Three novels packaged together from 1933 and 1934 by the Czech science fiction writer (those these, not so much!).
Hordubal – 1933
When Juraj Hordubal goes off to the United State, he didn’t realize it would ruin him for the world. It’s no so much that America was so amazing that he could hardly stand to be back in his old life, nor is America so ruinous that it chewed him up and spit him out. Instead, it had a disrupting influence all told. That the world is this big and this different in other parts creates in him a broken existence. How could someone possibly return to a life of mundane farm work and an increasingly stressful and loveless marriage? Lucky for him he’s about to be murdered.
In this novel, we have a kind of send up of mystery novels, which generally start with the crime and focus on the killer, their means, motives, and opportunities, and investigate and pursue them as a consequence. In this book, we begin with the life of the victim, who doesn’t even become the victim until 2/3 thirds the way through, and once is the victim, never returns to narrative centerplace for the rest of the novel, and of course in the final cynical moment, is completely erased from existence.
This novel shares some similarities to a poem like “Miniver Cheevey” or like the novel Amerika by Franz Kafka. It also has some of the same disruptions of form and genre as Trent’s Last Case or The Murder of Roger Ackroyd, but than any of these it’s an existential novel at its heart.
Meteor – 1934
A truly bizarre novel in its own way, this is a kind of reversal of The Bridge of San Luis Rey. Four different people witness what they originally believe to a meter landing nearby and when they investigate, they find a crashed plane and a dying pilot whose fever racked body and head leads him to explain his story to each of the three primary witnesses, each who interpret his story through their own lens. The novel then proceeds to give each of their accounts of the pilot’s backstory written as a document for an official inquest of the crash.
The three stories are: a Sister of Mercy who hears in the ravings of the dying pilot a witness to sin and salvation; a Clairvoyant who uses the sparse information supplied by the pilot to craft a series of signs and portents; a Poet who takes the pilot’s ravings and writes an entire short novella of international intrigue of sex and smuggling and adventure and theories about novels!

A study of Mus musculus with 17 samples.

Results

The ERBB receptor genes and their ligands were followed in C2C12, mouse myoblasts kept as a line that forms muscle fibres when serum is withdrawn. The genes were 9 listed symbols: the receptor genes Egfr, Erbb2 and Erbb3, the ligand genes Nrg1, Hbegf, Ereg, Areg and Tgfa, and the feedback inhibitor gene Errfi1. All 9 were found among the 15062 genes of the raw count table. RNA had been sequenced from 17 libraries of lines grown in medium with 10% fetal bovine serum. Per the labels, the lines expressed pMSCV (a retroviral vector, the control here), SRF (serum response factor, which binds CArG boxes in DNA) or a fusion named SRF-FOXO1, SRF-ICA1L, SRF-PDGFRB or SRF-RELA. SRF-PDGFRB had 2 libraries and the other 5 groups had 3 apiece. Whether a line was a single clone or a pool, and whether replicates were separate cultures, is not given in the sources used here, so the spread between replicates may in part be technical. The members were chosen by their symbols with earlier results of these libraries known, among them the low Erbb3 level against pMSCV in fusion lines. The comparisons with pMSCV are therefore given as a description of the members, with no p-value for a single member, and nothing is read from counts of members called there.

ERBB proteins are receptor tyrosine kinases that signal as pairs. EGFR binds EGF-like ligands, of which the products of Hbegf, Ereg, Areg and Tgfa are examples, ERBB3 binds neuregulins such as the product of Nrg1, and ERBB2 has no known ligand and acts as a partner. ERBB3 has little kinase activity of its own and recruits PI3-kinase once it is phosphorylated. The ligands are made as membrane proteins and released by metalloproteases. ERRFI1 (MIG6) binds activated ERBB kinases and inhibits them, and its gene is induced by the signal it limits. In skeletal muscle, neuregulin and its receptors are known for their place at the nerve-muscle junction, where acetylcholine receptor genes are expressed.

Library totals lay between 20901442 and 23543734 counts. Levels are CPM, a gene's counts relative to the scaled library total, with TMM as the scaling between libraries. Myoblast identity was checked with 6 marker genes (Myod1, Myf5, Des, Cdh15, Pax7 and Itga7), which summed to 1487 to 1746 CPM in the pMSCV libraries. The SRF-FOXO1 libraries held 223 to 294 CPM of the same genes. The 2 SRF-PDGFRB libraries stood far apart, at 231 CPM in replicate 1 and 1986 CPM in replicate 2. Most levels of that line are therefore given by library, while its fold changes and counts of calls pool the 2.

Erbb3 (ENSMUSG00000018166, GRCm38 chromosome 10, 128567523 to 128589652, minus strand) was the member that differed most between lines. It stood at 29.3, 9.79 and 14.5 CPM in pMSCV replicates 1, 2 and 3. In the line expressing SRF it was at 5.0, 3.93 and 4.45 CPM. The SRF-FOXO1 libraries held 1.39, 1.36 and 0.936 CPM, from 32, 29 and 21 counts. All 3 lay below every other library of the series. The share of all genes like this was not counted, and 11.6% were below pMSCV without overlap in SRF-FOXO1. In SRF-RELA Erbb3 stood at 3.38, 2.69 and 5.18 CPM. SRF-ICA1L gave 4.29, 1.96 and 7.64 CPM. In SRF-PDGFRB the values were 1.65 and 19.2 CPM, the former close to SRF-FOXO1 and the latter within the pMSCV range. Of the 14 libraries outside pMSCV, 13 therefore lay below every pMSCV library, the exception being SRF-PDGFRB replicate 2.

At the end, the doctor, a mere scientist merely constructs the report.
The book is again a kind of satire of the different ways of capturing human condition and putting into different forms of writing and language. Whether that form privileges spirituality, metaphysics, language and ontology, or simply the bare existence of life, the story attempts to piece it together. None of them get it right, or maybe they do, like them, we also cannot pull naked truth from the different forms any better than they can.
An Ordinary Life – 1934
In this third novel in the collection, we meet a reluctant memoirist looking back on his life. His reluctance comes in two distinct varities: a reluctance to tell what he considers to be too boring and too mundane a life to worry too much about and two, a reluctance to tell of a life that he might end up regretting for any numbers of reasons. And of course, both can true and can spiral back on one another in various ways.
He has had an ordinary life. He wanted to be a teacher, having gone to college and developed a love of learning, and even when speaking with his father found love and support for the idea. But something happened along the way and he instead became involved a regular sort of business. The resulting choice created that kind of destiny for him and left him out of sorts.
This memory opens up for him further elements of the choices he made along the way and how those choices did and didn’t allow for other choices.
As these digressions and iterations in his choice become more and more clear from a retrospective sensibility, his current writing begins to spiral more and more out of control.
This is a book about choices, the longview, reflection, but also about the difference between descriptive and prescriptive language.